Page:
The source of English lugubrious is the Latin adjective lūgubris “mournful, sorrowful,” a derivative of the verb lūgēre “to mourn, grieve.” The meaning of lūgēre is closely akin to the Greek adjective lygrós “sad, sorrowful,” and both the Latin and the Greek words derive from the Proto-Indo-European root leug-, loug-, lug– “to break,” source of Sanskrit rugná– (from lugná-) “shattered” and rujáti “(he) breaks to pieces, shatters,” Old Irish lucht and Welsh llwyth, both meaning “load, burden,” Lithuanian lū́žti “to break” (intransitive), and Old English tō-lūcan “to tear to pieces, tear asunder.” Lugubrious entered English in the early 17th century.
The radio slid from mournful to downright lugubrious. Ridiculously lugubrious. There was even sobbing in the background. Talk about melodramatic.
Cohen’s lugubrious tones always divided opinion; for some they were intrinsic to his melancholic charms, to others a turn-off that blindsided them to the genius of his songcraft, which was always gilded, its cadences measured, its images polished.
a word or phrase resulting from a mishearing of another word or phrase, especially in a song or poem.
The trouble with mondegreens is that they are usually so hysterically funny that you cannot stop citing examples of them instead of describing their “taxonomy” and history. Mondegreen was coined by the U.S. writer and humorist Sylvia Wright (1917-81), who wrote in an article in Harper’s Magazine: “When I was a child, my mother used to read aloud to me from Percy’s Reliques, and one of my favorite poems began, as I remember: ‘Ye Highlands and ye Lowlands, / Oh, where hae ye been? / They hae slain the Earl Amurray, / And Lady Mondegreen,’” the last line being a child’s mishearing and consequent misunderstanding of “laid him on the green.” Ms. Wright persisted in her idiosyncratic version because the real words were less romantic than her own (mis)interpretation in which she always imagined the Bonnie Earl o’ Moray dying beside his faithful lover Lady Mondegreen.
We’ve been misunderstanding song lyrics for decades, Elton John’s “hold me closer, Tony Danza”—er, “tiny dancer”—included. These funky musical mishearings even have their own name: mondegreens.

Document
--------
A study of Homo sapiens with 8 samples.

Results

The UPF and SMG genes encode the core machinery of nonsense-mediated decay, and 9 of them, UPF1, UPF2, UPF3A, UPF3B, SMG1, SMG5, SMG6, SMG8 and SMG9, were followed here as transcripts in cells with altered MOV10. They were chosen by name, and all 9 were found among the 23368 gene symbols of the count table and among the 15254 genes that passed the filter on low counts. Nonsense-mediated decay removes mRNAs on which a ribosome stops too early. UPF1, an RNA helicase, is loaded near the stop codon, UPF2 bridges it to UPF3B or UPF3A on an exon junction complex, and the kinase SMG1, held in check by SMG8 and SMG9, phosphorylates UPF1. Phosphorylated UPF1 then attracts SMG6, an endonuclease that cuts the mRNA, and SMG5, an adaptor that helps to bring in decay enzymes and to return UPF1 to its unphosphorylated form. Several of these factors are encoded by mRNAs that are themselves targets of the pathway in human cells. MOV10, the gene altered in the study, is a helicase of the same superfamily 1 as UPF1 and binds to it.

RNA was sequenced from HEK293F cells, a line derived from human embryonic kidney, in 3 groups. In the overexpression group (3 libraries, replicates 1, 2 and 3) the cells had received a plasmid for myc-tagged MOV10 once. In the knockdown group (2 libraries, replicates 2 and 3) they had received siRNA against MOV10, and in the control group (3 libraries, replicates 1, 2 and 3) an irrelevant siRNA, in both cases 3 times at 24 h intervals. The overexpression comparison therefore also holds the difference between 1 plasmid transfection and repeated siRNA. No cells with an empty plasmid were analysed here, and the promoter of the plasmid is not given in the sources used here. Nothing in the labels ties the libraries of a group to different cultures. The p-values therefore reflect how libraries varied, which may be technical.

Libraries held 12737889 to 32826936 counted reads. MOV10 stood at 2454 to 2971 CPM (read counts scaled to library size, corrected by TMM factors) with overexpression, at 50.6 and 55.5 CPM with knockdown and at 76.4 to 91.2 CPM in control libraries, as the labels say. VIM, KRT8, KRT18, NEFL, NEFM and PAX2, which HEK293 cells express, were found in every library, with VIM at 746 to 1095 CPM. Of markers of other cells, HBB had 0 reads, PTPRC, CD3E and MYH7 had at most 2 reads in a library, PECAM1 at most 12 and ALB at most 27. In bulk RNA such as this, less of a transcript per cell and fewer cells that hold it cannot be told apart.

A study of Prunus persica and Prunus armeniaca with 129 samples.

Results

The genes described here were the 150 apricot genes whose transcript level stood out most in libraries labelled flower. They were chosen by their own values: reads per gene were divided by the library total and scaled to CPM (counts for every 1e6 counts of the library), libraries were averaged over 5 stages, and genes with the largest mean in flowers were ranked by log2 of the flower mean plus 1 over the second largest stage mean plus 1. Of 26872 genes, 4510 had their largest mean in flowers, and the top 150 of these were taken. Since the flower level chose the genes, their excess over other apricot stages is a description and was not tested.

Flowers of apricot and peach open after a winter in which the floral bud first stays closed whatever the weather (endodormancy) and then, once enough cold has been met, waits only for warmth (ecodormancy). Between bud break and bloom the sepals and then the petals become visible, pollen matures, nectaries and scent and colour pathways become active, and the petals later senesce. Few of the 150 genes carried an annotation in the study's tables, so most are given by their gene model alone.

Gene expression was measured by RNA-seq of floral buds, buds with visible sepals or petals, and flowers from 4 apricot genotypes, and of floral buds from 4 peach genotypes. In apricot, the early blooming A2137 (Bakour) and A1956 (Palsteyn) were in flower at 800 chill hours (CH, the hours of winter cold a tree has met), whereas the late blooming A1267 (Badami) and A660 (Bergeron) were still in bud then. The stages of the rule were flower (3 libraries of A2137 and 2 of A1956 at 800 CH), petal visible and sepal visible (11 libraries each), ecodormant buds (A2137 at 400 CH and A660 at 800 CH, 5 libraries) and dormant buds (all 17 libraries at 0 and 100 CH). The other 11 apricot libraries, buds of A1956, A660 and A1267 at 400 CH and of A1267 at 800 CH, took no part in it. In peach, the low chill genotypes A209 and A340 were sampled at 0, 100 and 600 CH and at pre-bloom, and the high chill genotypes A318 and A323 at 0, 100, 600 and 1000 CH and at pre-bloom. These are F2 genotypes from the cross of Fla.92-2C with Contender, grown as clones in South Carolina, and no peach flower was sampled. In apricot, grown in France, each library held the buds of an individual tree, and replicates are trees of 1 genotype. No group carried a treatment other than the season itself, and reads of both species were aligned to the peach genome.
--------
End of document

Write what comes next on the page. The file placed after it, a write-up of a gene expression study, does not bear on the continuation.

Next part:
We still have mondegreen moments. Even though I know Creedence Clearwater Revival is singing, “There’s a bad moon on the rise,” lately it sounds suspiciously like “There’s a bathroom on the right.”
in a direction contrary to the natural one, especially contrary to the apparent course of the sun or counterclockwise: considered as unlucky or causing disaster.
All you have to remember is that withershins (or widdershins) is the exact opposite of deasil, and you’ll get back home all safe and sound. Withershins is an adverb meaning “going contrary to the natural direction, contrary to the course of the sun, counterclockwise (and therefore unlucky).” Deasil, from Scots Gaelic and Irish Gaelic deiseal “to the right, clockwise, following the sun,” is restricted to Scots. Withershins comes from Middle Low German weddersins, weddersinnes “against the way, in the opposite direction,” formed from wider “back, again” (cognate with the prefix with– in withstand) and sinnes, the genitive case (used as an adverb) of sin “way, course, direction.” Withershins entered English in the first half of the 16th century.
The fishermen, when about to proceed to the fishing, think they would have bad luck, if they were to row the boat “withershins” about.
Abel had walked slowly around the outside of the building, first clockwise and then withershins, but there was still no sign of his quarry, and the rest of the lower hollow was just as empty.